Photo: Cathay Pacific

Cathay Pacific Airways announced Jan. 15 that it has added three new partners to its corporate sustainable aviation fuel (SAF) program, which the airline launched in 2022.

 



Cargo customers Dimerco Express Group and Yusen Logistics, as well as the program’s first nongovernmental-organization (NGO) partner Business Environment Council, have joined Cathay to promote the wider adoption of renewable energy by the aviation industry to decarbonize their business travel and cargo shipments.

 



These new partners also join the program’s launch customers—AIA, Airport Authority Hong Kong, Kintetsu World Express, PwC China, Standard Chartered and Swire Pacific.

 



As leaders in corporate climate action, Cathay’s corporate SAF program partners are committed to reducing the climate impact from their business travel and airfreight activities through scaling up the use of SAF.

 



“Cathay is undertaking a multipronged approach to contribute to the aviation industry’s transition towards a greener future,” said Ronald Lam, CEO of the Cathay Group. “SAF is an important facet of this approach, and we have received strong support from our corporate and cargo customers since the launch of our corporate SAF program. We have also established new SAF supply partnerships in the broader Asia region to convey a clear message to the SAF supply chain that there is firm demand from this part of the world. We would like to warmly welcome our new partners, and express our gratitude to our original launch customers for their continued support of the program. We look forward to welcoming other interested companies to sign up to reduce their indirect emissions from flight-related activities, and join our mission to be greener together.”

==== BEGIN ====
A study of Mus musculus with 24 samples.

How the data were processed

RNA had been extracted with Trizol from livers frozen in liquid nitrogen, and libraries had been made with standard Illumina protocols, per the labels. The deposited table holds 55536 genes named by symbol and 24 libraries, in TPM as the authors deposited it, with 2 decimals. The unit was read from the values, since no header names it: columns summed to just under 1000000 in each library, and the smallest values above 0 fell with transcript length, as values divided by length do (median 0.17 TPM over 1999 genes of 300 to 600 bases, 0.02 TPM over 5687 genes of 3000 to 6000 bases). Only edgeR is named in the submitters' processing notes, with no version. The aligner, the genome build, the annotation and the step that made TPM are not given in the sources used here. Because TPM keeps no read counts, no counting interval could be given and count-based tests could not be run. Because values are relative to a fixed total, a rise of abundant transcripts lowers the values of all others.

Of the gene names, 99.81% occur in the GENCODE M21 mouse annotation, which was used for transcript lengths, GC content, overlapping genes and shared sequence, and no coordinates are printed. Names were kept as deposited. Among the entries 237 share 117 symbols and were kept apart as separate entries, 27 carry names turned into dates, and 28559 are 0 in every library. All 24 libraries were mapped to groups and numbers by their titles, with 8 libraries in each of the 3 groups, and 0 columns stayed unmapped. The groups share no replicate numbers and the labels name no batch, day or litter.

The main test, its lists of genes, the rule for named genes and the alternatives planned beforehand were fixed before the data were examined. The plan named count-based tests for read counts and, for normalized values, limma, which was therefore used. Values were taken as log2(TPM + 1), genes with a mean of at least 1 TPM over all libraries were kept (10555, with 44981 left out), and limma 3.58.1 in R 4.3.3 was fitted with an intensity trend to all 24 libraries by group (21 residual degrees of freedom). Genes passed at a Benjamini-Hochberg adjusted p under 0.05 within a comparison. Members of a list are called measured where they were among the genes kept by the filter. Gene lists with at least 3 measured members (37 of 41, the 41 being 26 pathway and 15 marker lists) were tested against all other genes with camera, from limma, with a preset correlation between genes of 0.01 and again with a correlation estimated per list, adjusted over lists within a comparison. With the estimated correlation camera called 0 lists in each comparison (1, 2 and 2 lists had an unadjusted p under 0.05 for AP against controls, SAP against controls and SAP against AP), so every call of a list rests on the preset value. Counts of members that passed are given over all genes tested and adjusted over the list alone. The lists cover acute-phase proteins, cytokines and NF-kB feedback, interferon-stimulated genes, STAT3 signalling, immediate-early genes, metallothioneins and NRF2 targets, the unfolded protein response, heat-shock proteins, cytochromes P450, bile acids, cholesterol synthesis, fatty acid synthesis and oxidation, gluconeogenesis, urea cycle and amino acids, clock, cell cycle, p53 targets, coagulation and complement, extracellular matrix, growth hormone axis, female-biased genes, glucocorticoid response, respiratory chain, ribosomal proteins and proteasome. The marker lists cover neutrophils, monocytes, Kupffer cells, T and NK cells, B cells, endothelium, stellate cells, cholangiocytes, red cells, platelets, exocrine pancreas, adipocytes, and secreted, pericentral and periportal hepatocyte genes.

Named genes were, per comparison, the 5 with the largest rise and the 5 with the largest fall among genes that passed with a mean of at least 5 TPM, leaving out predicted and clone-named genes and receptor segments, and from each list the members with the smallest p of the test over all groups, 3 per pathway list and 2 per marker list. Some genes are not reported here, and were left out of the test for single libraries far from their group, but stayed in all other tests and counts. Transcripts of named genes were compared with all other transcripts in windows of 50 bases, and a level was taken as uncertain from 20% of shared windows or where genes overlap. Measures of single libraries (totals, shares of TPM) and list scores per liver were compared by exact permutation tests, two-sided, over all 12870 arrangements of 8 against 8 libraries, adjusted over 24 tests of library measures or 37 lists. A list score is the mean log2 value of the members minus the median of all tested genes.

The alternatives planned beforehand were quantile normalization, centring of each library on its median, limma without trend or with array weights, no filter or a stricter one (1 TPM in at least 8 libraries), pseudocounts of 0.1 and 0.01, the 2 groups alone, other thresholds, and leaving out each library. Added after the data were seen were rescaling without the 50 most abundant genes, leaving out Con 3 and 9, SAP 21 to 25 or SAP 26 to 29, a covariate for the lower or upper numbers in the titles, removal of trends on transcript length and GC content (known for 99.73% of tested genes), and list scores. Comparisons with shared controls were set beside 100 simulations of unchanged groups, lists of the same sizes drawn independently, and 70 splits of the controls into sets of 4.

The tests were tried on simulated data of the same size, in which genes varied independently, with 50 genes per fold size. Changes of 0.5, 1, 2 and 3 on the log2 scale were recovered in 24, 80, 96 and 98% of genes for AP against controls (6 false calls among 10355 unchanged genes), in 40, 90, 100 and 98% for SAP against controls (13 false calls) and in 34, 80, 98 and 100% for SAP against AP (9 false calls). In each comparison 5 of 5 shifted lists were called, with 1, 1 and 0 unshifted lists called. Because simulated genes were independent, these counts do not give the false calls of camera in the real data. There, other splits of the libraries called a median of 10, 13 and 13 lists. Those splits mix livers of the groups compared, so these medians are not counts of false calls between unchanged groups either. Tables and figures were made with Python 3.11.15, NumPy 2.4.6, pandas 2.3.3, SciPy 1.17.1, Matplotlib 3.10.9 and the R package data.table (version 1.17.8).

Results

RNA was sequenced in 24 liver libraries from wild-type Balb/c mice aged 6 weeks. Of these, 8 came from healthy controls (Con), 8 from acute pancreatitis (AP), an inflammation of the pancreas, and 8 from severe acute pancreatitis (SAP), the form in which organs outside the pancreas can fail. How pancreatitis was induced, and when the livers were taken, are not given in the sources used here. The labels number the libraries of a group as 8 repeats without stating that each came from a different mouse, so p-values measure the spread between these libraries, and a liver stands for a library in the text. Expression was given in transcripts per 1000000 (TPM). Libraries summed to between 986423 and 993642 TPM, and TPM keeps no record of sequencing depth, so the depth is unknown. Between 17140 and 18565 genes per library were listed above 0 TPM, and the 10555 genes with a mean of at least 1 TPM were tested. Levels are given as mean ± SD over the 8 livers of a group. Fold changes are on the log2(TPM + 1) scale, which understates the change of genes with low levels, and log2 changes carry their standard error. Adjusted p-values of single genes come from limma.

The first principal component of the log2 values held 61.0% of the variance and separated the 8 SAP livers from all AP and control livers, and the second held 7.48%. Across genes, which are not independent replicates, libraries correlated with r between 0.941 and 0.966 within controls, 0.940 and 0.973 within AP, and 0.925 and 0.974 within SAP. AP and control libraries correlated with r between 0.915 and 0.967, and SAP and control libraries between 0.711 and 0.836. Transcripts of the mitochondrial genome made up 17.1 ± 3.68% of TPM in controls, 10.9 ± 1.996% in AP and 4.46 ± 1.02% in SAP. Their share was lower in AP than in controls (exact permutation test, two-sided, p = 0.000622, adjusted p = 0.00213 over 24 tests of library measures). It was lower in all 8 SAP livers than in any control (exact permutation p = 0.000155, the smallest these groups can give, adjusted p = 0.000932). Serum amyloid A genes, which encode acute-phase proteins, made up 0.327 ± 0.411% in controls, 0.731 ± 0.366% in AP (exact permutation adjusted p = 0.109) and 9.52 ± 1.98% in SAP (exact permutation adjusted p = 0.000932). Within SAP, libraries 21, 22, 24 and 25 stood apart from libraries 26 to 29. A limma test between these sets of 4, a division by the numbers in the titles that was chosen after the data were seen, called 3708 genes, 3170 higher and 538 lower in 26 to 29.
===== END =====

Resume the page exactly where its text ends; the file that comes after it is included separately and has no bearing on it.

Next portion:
SAF is considered to be the most important lever for decarbonizing airline operations over the next few decades, before alternatively powered aircraft can be widely deployed in commercial operations.

 



Compared to conventional jet fuel, SAF can reduce over 80 percent of carbon emissions on a lifecycle basis, depending on the SAF technology and feedstock used.

 



Cathay was among the first airlines in the world to announce a target of 10 percent SAF for its total fuel use by 2030.

 



Since then, it uplifted SAF at Hong Kong International Airport for the first time in 2022, and successfully conducted its first overseas SAF uplifts on commercial flights at Singapore Changi Airport and Los Angeles International Airport last year.

 



The SAF Cathay used over the past year was made from used cooking oil and animal fat waste, and was made available by its fuel suppliers ExxonMobil and Shell.

 



Last year, Cathay and State Power Investment Corporation signed a memorandum of understanding to drive the further development of the SAF supply chain in China.

 



In addition to increasing the use of SAF, Cathay’s carbon-reduction roadmap includes fleet modernization, operational-efficiency improvements, leveraging emerging-technology breakthroughs to decarbonize aviation, and high-quality carbon-offset projects.